I know I am getting up there in age – 66 to be exact – but that doesn’t mean that I haven’t tried to change for the better over the last few years. There is always room for improvement, after all. And as Dr. Spencer Johnson said in his book Who Moved My Cheese? “Change Happens,” “Enjoy Change” and “Be Ready To Change Quickly And Enjoy It Again & Again.”
As many of my golf friends know, I have a tendency to look on the dark side instead of the bright side. That is the tendency I have been fighting with some degree of success over the last two years. I have really cut down on how often I use such lines as:
- “I have no heart. I have no soul.”
- “That’s the worst putt in the of golf history.”
- “I actually have a college degree,” which I have been known to say after a particularly ill-conceived and poorly executed shot.
Just for the record, my new upbeat attitude has nothing to do with improved play or winning more bets. My handicap went up one to 12 and my betting losses were $21.50 in 2017. (FYI: After eight rounds this year I am up $1.50.) I have tried to change simply because I thought more positive thoughts WOULD lower my handicap and result in more money won.
In my effort to bring more positivity to the course, I have been on a reading binge that has included A Short Guide to a Happy Life by Anna Quidlen; Coach: Lessons on the Game of Life by Michael Lewis; Don’t Sweat The Small Stuff … and it’s all small stuff by Richard Carlson; Fish: A Remarkable Way to Boost Morale and Improve Results by Stephen C. Lundin, Ph.D., Harry Paul and John Christensen. One of the BIG messages in these kinds of books is to choose your words carefully in thought and use. Think positively; avoid negative words. Or in the words of Dr. Morris Pickens in his book The Winning Way in Golf and Life, “It’s important always to tell yourself what you want to do, not what you don’t want to do.”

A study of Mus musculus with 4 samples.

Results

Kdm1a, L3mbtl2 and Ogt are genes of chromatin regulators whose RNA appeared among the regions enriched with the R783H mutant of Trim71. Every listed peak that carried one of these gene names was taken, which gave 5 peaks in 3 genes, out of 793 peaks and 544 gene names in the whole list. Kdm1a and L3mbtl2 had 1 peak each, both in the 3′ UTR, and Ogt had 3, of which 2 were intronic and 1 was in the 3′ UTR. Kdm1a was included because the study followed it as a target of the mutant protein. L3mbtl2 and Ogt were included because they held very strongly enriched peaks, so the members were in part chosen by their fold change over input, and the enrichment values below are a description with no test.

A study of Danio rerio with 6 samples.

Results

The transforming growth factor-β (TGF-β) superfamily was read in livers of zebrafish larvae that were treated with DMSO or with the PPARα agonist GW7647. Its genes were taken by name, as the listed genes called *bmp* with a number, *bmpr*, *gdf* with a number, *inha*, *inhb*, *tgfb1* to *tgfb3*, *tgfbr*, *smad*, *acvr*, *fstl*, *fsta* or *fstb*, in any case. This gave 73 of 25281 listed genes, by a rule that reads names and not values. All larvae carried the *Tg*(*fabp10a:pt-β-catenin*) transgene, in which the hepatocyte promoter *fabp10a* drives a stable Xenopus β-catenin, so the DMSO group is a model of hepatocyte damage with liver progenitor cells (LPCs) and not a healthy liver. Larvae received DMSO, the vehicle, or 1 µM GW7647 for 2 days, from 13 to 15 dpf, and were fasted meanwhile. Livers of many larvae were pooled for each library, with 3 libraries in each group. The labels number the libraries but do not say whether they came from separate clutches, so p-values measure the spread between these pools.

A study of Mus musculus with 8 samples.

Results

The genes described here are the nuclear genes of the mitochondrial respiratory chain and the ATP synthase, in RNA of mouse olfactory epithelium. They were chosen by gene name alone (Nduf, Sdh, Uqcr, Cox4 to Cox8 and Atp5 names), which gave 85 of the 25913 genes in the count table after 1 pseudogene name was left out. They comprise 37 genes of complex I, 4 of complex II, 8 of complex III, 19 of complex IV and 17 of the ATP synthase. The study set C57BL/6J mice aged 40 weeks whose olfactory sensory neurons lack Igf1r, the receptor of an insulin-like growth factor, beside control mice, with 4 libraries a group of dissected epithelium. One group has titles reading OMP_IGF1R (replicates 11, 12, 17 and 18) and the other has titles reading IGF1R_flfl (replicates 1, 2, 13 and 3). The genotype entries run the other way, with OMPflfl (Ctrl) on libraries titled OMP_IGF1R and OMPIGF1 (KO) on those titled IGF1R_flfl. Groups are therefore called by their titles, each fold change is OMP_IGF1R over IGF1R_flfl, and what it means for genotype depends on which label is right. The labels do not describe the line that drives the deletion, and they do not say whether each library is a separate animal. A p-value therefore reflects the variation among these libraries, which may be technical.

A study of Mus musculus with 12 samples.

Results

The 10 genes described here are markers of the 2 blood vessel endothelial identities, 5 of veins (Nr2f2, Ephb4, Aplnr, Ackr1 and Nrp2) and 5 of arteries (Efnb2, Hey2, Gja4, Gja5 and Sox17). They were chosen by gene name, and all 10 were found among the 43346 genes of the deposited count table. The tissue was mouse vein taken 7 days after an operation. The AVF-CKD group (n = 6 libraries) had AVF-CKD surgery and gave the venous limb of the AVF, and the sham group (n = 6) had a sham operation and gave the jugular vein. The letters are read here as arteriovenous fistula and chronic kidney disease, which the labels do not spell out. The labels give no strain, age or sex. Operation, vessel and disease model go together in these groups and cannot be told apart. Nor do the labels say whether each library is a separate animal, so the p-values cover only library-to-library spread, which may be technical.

As I should have expected, my mind is now overloaded with Kumbaya words and phrases and I fear – no, I know – that I must find some balance in my life. In order to be the authentic me, I must admit that I have tried to change too much. So instead of writing about the Do’s of golf, I give you my list of Don’ts. I am doing so because a good swift kick to the derriere is sometimes a better motivator than a pat on the back.
MY DON’TS FOR GOLFERS:
Tips, Reminders & Swing Thoughts from The Dark Side
Don’t grip the club too tightly.
Don’t swing too hard.
Don’t rush your backswing.
Don’t fake your turn.
Don’t peek on any shot.
Don’t get cute when you are short sided.
Don’t stand too far away from the ball.
Don’t rush through your putting stroke.
Don’t overestimate how far you hit the ball.
Don’t take swing tips from a 24 handicapper.
Don’t try stupid shots.
Don’t ever give up on a hole or match until the outcome is final.
Don’t overthink a shot.
Don’t let one bad shot or hole ruin your day.
Don’t criticize your partner.
Don’t forget to have fun!!!
Allan (A 12 handicap at home after four official 2018 rounds.)